Submitted by Olly Betts (not verified) on Mon, 07/21/2008 - 09:28.

Hmm, there seem to be some odd regular gaps in the barchart for the compacted timings - there don't seem to be corresponding almost-zero figures in the raw data, and the graphs in the gnumeric file don't seem to have them. Some sort of image rendering issue?

Anyway, your theory is probably roughly right. If you index data into a fresh database by simply appending documents, then a linear insert mode gets used a lot and the database will be pretty compact anyway.

This is less true for the postlist table as this holds the term -> document mappings which produce more scattered writes, and the output from xapian-compact shows a lot of space being reclaimed there. Partly that will be blocks which aren't currently used at all, the rest will be blocks which aren't completely full. The former probably matter less, especially if they are grouped, as we won't ever try to read them. The latter should make a difference as it should mean we're more likely to have already read in an entry we want along with another in the same block.

I'm not sure why it seems slightly slower though. Perhaps just chance (which blocks happen to be near others so disk seeking times happen to be more). Or perhaps the "faster" code we use for a fully compact database isn't really faster and we'd be better off using the same code all the time! I'll have to check that.

Incidentally, "compact" is more correct than "compress" for describing what's going on - the operation essentially just minimises unused space in the .DB files rather than running any data through a compression algorithm.

Xapian performance

Submitted by admin on Mon, 07/21/2008 - 22:14.

"Hmm, there seem to be some odd regular gaps in the barchart for the compacted timings"

Yeah, I seem to have hit upon some graph generation bug, but didn't have time to dig into it too deeply. Perhaps it would have been better to simply not display that graph on the web page at all as it could cause confusion.

"I'm not sure why it seems slightly slower though. Perhaps just chance (which blocks happen to be near others so disk seeking times happen to be more). Or perhaps the 'faster' code we use for a fully compact database isn't really faster and we'd be better off using the same code all the time! I'll have to check that."

I'd be fascinated to hear what you decide! Fortunately when running xapian-compact you end up with a complete copy of the database, so it's possible to test the before and after and to chose the best one.

"Incidentally, 'compact' is more correct than "compress" for describing what's going on - the operation essentially just minimises unused space in the .DB files rather than running any data through a compression algorithm."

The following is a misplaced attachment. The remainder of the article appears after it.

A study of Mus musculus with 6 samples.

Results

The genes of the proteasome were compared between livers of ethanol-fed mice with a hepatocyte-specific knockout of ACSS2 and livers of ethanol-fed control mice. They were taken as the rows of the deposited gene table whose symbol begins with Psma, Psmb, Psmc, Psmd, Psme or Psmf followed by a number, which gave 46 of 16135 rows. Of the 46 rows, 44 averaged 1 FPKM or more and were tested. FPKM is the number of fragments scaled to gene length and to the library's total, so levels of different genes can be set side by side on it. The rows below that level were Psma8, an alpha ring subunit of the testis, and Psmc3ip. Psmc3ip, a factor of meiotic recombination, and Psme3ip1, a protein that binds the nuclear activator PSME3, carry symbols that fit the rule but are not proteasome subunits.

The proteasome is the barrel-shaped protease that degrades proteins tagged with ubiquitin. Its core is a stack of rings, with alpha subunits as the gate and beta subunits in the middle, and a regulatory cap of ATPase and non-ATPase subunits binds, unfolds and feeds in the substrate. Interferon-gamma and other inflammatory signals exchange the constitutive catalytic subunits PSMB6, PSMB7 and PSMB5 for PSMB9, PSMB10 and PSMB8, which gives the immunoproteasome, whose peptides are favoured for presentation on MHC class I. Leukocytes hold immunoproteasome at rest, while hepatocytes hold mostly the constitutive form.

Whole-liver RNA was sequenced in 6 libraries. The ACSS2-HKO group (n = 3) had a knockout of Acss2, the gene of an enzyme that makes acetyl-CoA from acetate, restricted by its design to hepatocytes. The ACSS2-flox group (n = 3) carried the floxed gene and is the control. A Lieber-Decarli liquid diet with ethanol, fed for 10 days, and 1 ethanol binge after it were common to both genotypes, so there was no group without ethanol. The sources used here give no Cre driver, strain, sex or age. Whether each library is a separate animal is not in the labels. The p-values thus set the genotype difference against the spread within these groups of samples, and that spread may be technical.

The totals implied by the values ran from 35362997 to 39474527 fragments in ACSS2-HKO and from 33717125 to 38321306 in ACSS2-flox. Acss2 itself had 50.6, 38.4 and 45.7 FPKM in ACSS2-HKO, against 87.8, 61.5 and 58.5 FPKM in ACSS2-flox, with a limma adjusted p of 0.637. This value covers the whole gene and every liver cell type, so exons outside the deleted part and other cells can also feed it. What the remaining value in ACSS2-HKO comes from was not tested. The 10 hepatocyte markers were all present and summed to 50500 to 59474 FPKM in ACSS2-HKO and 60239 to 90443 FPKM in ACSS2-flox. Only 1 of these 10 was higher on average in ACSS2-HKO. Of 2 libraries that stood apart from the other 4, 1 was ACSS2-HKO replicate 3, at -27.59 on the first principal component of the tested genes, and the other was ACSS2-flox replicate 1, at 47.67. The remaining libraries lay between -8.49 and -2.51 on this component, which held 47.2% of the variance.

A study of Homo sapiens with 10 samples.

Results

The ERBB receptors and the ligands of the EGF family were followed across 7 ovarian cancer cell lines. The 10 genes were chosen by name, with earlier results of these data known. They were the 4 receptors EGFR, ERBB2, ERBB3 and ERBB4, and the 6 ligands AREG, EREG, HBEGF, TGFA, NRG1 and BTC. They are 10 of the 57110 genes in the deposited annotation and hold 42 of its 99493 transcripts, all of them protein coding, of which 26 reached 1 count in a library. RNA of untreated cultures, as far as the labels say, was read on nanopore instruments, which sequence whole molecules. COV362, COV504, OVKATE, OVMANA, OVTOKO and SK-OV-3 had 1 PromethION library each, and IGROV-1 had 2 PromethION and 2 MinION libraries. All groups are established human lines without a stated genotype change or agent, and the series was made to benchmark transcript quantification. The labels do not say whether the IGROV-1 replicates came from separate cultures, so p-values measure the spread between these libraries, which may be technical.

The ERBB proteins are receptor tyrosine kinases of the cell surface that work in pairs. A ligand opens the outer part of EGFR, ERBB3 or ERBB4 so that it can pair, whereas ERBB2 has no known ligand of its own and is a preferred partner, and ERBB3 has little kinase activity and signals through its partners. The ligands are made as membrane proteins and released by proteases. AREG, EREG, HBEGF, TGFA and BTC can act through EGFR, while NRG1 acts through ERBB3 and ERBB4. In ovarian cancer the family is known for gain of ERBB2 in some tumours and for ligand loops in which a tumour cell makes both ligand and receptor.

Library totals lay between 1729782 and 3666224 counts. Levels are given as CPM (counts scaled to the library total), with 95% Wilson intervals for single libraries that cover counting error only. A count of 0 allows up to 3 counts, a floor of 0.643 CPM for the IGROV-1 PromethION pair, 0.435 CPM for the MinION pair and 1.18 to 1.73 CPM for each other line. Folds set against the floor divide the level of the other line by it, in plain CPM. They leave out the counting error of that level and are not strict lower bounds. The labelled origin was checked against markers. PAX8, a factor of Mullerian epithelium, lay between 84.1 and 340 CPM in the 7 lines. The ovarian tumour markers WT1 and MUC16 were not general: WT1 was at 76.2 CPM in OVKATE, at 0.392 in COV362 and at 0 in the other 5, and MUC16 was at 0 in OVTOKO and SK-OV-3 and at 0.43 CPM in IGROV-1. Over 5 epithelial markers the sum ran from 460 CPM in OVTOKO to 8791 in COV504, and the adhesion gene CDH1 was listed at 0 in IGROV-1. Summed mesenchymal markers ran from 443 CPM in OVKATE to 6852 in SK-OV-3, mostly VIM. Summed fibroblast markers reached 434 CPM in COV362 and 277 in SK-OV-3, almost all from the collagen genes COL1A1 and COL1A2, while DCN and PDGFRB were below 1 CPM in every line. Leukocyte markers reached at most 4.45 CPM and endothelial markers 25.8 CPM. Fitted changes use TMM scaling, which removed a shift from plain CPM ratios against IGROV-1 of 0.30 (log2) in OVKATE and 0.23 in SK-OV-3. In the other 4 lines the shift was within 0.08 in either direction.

Thanks for clarifying. I suppose it should have been obvious to me, as you didn't call the utility "xapian-compress"... ;)

While we're talking about Xapian performance, if I wanted to share a read-only copy of xapian indexes across multiple servers to allow multiple servers to handle search queries, is it safe to run rsync to keep them all in sync? Or would this risk pushing a corrupt copy for example if rsync runs while the xapian database files are being written to?

Also, is there likely to be a performance boost from keeping these read-only copies of the database on a tmpfs mount in RAM?

Thanks again for all your feedback.

Replication

Submitted by Olly Betts (not verified) on Fri, 07/25/2008 - 23:32.

if I wanted to share a read-only copy of xapian indexes across multiple servers to allow multiple servers to handle search queries, is it safe to run rsync to keep them all in sync? Or would this risk pushing a corrupt copy for example if rsync runs while the xapian database files are being written to?

It's not safe if the database is written to during the sync operation. There's a new replication feature on trunk (but not in 1.0.x) which is aimed at this sort of situation.
The documentation for it discusses other approaches, including using rsync:

http://trac.xapian.org/browser/trunk/xapian-core/docs/replication.rst


Also, is there likely to be a performance boost from keeping these read-only copies of the database on a tmpfs mount in RAM?

If there's sufficient RAM to do that, then if you put the DB on disk the VM system will tend to end up caching the DB in RAM anyway, so probably the only benefit of using tmpfs would be the elimination of the cache "warm up" time just after copying. If there's VM pressure, the VM system may even decide to page out unaccessed blocks from the tmpfs to swap - in some ways the distinction between "in RAM" and "on disk" is a bit artificial as the data will tend to end up where it's most useful either way.

thanks

Submitted by admin on Wed, 07/30/2008 - 12:20.

I'd not found the replication document before, that was very helpful. Thanks!